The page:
Actually, they all had Hemi’s that year, at least the ’56 DeSoto Fireflite sedans like this one did. I drove past it on the way back from an appointment and I thought, “wait, that’s not a ’55 Chevy,” so I turned around and went back. I happened to have my camera with me since Vancouver has such a bewildering number of old cars and I’ve gotten into the habit of keeping it stashed in my car.
I knocked on the door and asked the owner, Chuck, permission to shoot some pics (telling him about the website, naturally). He suspiciously asked if I even knew the name of the car about which I was inquiring, but his attitude softened when I correctly identified it as a ’56 Desoto. I told him about some of the Mopars my family’s had as well, including a ’70 Plymouth Fury, a ’79 B200 van and my mother’s ’62 Dart. By then, he said I was a true believer and started listing the many, many Chrysler products he’d owned, including, most notably, a Super Bee with a race-spec 426 Hemi.
His DeSoto, however, has to be nearly as rare–I wonder how many still exist. 18,207 four-door Fireflite sedans were sold for 1956 and at 3860 pounds, not including six seats filled with one’s wife and kids, along with a trunk full of vacation luggage, buyers needed that Hemi. Desoto offered a decent variety of options that year and the base price of the car with the standard 330 was $3,119.
I couldn’t tell whether or not this example had A/C, but since this is Vacouver, I suspect not; in any case, Airtemp air conditioning was $567. Other options (and their prices) included: heater and defroster for $92; a power front seat at $70; $102 for power windows ($32 if you wanted them made of tinted glass); a $24 electric clock; power steering and brakes for $97 and $40, respectively; and whitewalls for $30.
The interior needs some work, but it looks like nothing’s missing. Chuck said he bought the car a couple of years ago and he’s slowly getting it in shape. He mentioned an ignition problem that’s been bugging him but he’s able to bypass it by hot wiring the car.
I was quite fond of the V-8 emblem on the fuel filler door. It’s a reminder to be generous with the premium and to forget about the ol’ MPGs. Anyone out there know the mileage these cars got? My guess would be 10 in the city and maybe 15 on the highway.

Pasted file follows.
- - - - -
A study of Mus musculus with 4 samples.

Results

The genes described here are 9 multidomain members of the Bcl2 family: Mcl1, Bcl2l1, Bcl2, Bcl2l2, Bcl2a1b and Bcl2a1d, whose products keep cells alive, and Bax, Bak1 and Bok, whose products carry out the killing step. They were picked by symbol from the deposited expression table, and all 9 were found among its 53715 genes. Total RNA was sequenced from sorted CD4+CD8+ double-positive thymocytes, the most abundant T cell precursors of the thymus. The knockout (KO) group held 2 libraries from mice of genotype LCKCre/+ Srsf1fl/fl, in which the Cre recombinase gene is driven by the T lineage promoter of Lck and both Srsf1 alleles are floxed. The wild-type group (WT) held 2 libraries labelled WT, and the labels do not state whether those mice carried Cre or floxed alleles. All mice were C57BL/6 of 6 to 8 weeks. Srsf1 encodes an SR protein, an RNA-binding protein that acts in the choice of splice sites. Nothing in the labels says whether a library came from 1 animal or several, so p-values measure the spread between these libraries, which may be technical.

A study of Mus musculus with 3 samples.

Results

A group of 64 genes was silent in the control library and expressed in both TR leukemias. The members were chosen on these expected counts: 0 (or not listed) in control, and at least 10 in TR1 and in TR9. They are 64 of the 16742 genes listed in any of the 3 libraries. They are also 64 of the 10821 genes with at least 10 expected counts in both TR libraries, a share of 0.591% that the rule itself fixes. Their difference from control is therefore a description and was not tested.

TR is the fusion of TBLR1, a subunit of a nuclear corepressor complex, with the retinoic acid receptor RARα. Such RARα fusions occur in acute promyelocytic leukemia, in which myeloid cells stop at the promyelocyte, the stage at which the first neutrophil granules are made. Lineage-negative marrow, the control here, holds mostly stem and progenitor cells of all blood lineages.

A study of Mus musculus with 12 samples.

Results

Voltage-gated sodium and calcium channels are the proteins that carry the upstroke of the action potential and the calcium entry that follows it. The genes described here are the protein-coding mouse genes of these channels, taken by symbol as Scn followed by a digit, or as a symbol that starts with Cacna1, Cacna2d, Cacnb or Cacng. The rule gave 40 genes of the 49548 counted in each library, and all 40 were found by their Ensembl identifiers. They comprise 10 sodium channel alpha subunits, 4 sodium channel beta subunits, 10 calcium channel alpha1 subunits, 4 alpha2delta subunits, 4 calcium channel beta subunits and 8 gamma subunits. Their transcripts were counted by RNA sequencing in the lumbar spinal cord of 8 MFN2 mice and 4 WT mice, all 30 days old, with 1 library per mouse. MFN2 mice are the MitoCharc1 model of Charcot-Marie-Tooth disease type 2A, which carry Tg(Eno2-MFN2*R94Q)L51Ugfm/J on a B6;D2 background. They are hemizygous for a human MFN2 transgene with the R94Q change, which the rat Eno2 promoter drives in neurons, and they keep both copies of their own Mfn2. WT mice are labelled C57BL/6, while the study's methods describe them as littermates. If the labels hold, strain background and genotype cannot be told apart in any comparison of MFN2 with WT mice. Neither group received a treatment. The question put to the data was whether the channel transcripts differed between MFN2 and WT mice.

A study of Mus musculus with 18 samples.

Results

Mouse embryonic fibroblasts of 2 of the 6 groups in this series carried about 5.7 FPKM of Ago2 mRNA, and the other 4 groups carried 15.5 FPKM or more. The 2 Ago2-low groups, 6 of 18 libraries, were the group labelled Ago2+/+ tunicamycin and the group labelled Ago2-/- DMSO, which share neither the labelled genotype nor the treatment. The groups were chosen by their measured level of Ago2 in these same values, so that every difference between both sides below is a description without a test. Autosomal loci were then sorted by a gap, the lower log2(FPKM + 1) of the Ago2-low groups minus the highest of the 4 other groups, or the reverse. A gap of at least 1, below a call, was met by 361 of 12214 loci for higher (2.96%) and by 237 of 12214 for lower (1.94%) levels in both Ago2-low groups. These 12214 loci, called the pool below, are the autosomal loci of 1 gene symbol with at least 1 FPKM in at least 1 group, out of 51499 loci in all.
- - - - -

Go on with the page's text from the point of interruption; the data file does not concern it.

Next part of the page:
The standards means of motorvation for all Fireflites was a 330.4 CID Firedome Hemi making 255 hp in front of a Powerflight auto, the latter in its third year of service at DeSoto. Chuck didn’t offer to open the hood for me and I didn’t want to seem pushy, so this pic is from the ‘net. The following is cribbed from American Cars 1946-1959:
Several engineering advances appeared on the 1956 DeSoto line. Most important was a change to a 12-volt electrical system, necessitated by the proliferation of electrically powered accessories in recent years. As if to prove the point, new options for 1956 included a power radio antenna, Highway Hi-Fi record player and front power seat with more adjustment options. The powerful V8 engine was again enlarged, this time into two new versions. Firedome and Fireflite models received a 330.4 CID version with up to 255 horsepower output. A higher output 341 CID version was created for a special new model, the Fireflite Adventurer.
The Adventurer was powered by the new 341 CID engine with dual exhausts, custom interior appointments and trim, and special exterior finishes. Also called Golden Adventurer, the sporty 2-door hardtop was technically a subseries of the Fireflite and DeSoto’s lower-priced, lower-powered cousin of the Chrysler 300, offering a padded instrument panel, power front seat, power windows, power brakes, and a heavy-duty suspension as standard over lesser Fireflites.
For 1956, the vertical bar grille used since 1946 was gone, replaced by a mesh style grille with a large “V” centered within, and the large front bumper guards now incorporated the parking lamps. Other changes included a hooded headlight ring, a short-lived styling craze seen on some other ’56 models. Around back, the rear fender line was slightly raised with a new taillight design capping off the raised tailfin.
Set into a hooded quarter panel, stacked “Control Tower” tail lamps set atop a large U-shaped bumper end that housed the exhaust outlet defined the rear. Full-length bodyside trim (or the upper trim piece on two-tone models) was changed to an upswept section that ended at the tip of the hooded rear fender, with an aim to emphasize the length and leanness of the overall shape.
It worked; while it would be gone in a few short years, customers bought the DeSoto in record numbers now that the dowdiness which defined its 1949-1954 predecessor had been banished, and although the 1957 redesign would cement the car as an even more stylish, high-performance trendsetter, cars like Chuck’s ’56 represent the brand’s final high water mark. As a rather basic pillared sedan, it might have seemed slightly ordinary compared to the more expensive the Adventurer and dramatic Sportsman hardtops when new, but its styling has worn quite well thanks to Exner’s initial expression of Forward Look styling.
Chuck told me he didn’t have a computer, but I hope he sees this someday and thinks that I gave his car some righteous justice. It seems to be complete (except for hubcaps) and should be easy to restore without an exhaustive, potentially fruitless search for trim pieces; it’s truly remarkable that all the chrome trim and lettering is still on the car after fifty-eight years. As a long-term labor of love, Chuck deserves to show off his baby and I hope to see this pink DeSoto streaking through a Vancouver Friday night soon.